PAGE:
File photo shows Microsoft headquarters in Redmond, Washington.
Microsoft Corporation has sued the US
government over a federal law that allows authorities to examine customer emails or files without the individual’s knowledge.
The lawsuit, filed on Thursday in the federal court in Seattle, argues that the US government is violating the Constitution by abusing a decades-old law, the Electronic Communications Privacy Act (ECPA), to obtain court orders requiring it to access and search customer files stored on its servers, while prohibiting it from notifying the customer.
“Microsoft brings this case because its customers have a right to know when the government obtains a warrant to read their emails, and because Microsoft has a right to tell them,” the company said in the court filing.
According to the suit, the ECPA allows courts to order Microsoft or other email service providers to remain silent about warrants for data on the grounds that tipping people off might hamper investigations.
That power violates constitutional protection of free speech and safeguards against unreasonable searches, Microsoft argued in the suit.
The court filing said federal courts in the past 18 months have issued nearly 2,600 secrecy orders gagging Microsoft from saying anything about warrants and other legal actions targeting customers’ data.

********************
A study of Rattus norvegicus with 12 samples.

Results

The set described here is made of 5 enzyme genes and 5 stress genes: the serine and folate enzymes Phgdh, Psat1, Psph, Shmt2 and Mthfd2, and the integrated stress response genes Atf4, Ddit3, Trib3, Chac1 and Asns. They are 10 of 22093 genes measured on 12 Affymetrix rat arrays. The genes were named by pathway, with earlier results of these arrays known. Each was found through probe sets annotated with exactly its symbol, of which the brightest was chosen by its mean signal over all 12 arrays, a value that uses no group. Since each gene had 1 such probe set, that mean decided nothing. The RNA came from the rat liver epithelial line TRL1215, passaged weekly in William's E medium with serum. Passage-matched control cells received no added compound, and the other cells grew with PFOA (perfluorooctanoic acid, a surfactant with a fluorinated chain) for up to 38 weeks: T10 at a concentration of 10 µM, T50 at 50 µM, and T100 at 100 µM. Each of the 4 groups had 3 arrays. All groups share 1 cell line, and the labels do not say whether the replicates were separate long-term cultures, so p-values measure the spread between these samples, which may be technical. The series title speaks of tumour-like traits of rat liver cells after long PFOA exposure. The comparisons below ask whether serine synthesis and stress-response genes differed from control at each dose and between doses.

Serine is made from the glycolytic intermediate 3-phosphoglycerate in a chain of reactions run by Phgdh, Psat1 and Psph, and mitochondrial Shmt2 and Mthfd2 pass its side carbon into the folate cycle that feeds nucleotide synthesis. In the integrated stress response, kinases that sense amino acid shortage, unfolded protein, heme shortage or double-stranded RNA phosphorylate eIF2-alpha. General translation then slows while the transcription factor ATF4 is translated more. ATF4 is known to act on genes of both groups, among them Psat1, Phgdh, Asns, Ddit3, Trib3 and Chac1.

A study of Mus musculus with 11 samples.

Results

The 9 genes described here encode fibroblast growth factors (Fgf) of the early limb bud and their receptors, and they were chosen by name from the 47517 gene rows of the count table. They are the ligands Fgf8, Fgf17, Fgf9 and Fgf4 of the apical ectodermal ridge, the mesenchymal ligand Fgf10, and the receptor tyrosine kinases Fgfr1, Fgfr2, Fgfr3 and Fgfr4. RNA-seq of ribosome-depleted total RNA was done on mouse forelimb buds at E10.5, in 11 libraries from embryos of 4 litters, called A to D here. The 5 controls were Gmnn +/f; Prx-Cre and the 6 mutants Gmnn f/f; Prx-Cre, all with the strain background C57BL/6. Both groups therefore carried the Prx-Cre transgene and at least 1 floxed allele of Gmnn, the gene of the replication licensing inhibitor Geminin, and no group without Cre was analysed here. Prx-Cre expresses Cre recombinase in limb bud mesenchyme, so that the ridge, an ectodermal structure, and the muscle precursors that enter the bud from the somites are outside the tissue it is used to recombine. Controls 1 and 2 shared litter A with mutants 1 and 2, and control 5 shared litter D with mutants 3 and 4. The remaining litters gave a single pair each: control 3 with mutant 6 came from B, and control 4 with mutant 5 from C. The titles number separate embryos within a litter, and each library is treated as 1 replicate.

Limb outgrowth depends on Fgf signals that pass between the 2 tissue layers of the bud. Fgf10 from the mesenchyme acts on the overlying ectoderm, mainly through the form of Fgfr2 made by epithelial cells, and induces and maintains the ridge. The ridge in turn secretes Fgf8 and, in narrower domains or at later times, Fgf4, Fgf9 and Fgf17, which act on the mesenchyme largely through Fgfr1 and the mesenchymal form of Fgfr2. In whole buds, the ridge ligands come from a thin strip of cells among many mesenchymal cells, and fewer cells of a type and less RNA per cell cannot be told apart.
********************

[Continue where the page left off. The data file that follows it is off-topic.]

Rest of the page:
This is the fourth recent lawsuit the technology
giant has filed against the government on similar privacy issues. In 2013, it publicly vowed to challenge many of the secrecy orders for its business customers.
Microsoft chief legal officer Brad Smith
“We believe that with rare exceptions consumers and businesses have a right to know when the government accesses their emails or records,” Microsoft chief legal officer Brad Smith said in a blog.
“Yet it’s becoming routine for the US government to issue orders that require email providers to keep these types of legal demands secret. We believe that this goes too far and we are asking the courts to address the situation.”
Microsoft’s action coincides with an ongoing battle between the US tech giant Apple and the Federal Bureau of Investigation (FBI) over whether courts can force cell phone and computer companies to unlock encrypted data on devices needed in criminal investigations.